Article 6 contains specific requirements that must be met to make the processing of personal data 'lawful'. These are known variously as the 'legal basis', 'condition', or 'ground', for processing.
In order to process 'special category data', a controller must demonstrate that one of the exceptions to the prohibition on processing special category data applies. Find out more about processing special category data here
In respect of 'personal data', processing shall be lawful only if and to the extent that at least one of the following applies:
- the data subject has given consent to the processing of his or her personal data for one or more specific purposes;
- processing is necessary for the performance of a contract to which the data subject is party or in order to take steps at the request of the data subject prior to entering into a contract;
- processing is necessary for compliance with a legal obligation laid down by Manx law or Union law as applied to the Island to which the controller is subject;
- processing is necessary in order to protect the vital interests of the data subject or of another natural person;
- processing is necessary for the performance of a task carried out in the public interest or in the exercise of official authority vested in the controller which is laid down by Manx law or Union law as applied to the Island;
- processing is necessary for the purposes of the legitimate interests pursued by the controller or by a third party, except where such interests are overridden by the interests or fundamental rights and freedoms of the data subject which require protection of personal data, in particular where the data subject is a child. (NOT applicable to processing of personal data carried out by a public authority in the performance of their tasks).
With the exception of consent, each condition for processing is qualified by the phrase “processing is necessary”. This phrase has been considered by the Court of Justice of the European Union in Huber v Germany and is generally taken to mean that the processing is “proportionate to the legitimate aim being pursued” (for example, see Stone v SE Coast Strategic Health Authority  EWHC 1668 (Admin)).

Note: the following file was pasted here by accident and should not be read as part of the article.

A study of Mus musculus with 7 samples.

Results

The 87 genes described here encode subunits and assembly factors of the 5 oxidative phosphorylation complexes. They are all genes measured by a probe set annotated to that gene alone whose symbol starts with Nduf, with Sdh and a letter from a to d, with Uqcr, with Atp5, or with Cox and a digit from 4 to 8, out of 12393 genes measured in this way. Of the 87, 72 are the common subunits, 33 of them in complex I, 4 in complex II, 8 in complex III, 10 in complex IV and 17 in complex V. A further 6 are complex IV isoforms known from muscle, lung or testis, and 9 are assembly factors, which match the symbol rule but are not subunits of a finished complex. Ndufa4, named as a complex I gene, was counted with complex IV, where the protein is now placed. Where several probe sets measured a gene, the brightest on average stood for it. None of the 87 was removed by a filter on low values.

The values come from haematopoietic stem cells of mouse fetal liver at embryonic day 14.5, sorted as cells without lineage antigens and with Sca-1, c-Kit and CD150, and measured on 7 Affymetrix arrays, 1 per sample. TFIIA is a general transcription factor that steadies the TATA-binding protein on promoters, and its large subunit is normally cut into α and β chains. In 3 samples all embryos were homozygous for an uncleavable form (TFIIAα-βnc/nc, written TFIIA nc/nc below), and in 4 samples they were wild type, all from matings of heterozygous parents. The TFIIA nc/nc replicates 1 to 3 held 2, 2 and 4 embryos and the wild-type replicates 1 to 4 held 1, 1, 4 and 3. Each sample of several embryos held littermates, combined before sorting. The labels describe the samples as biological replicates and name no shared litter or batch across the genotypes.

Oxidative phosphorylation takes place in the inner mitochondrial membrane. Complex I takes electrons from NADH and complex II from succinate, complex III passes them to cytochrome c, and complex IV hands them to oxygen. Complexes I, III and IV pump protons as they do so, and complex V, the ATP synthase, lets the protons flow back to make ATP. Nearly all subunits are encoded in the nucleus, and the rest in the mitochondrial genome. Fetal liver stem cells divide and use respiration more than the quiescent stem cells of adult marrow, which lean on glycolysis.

Controllers must determine what lawful condition is met for each separate purpose for which personal data is processed as this is required:
- to be given to data subjects in transparency information;
- to establish whether an individual can exercise:
- to comply with any withdrawal of consent if that is the only legal ground for processing
- to enable the controller to describe to an individual what 'legitimate interest' it has in the processing of that personal data and how the processing does not affect the interests or fundamental rights and freedoms of the individual concerned, if that is the only legal ground for processing.
If no lawful basis applies then your processing will be unlawful and in breach of this principle.
Lawfulness also means that you don’t do anything with the personal data which is unlawful in a more general sense. This includes statute and common law obligations, whether criminal or civil. If processing involves committing a criminal offence, it will obviously be unlawful. However, processing may also be unlawful if it results in:
- a breach of a duty of confidence;
- your organisation exceeding its legal powers or exercising those powers improperly;
- an infringement of copyright;
- a breach of an enforceable contractual agreement;
- a breach of industry-specific legislation or regulations; or
- a breach of the European Convention of Human Rights.
These are just examples, and this list is not exhaustive. You may need to take your own legal advice on other relevant legal requirements.
If you have processed personal data unlawfully, the Applied GDPR gives individuals the right to erase that data or restrict your processing of it.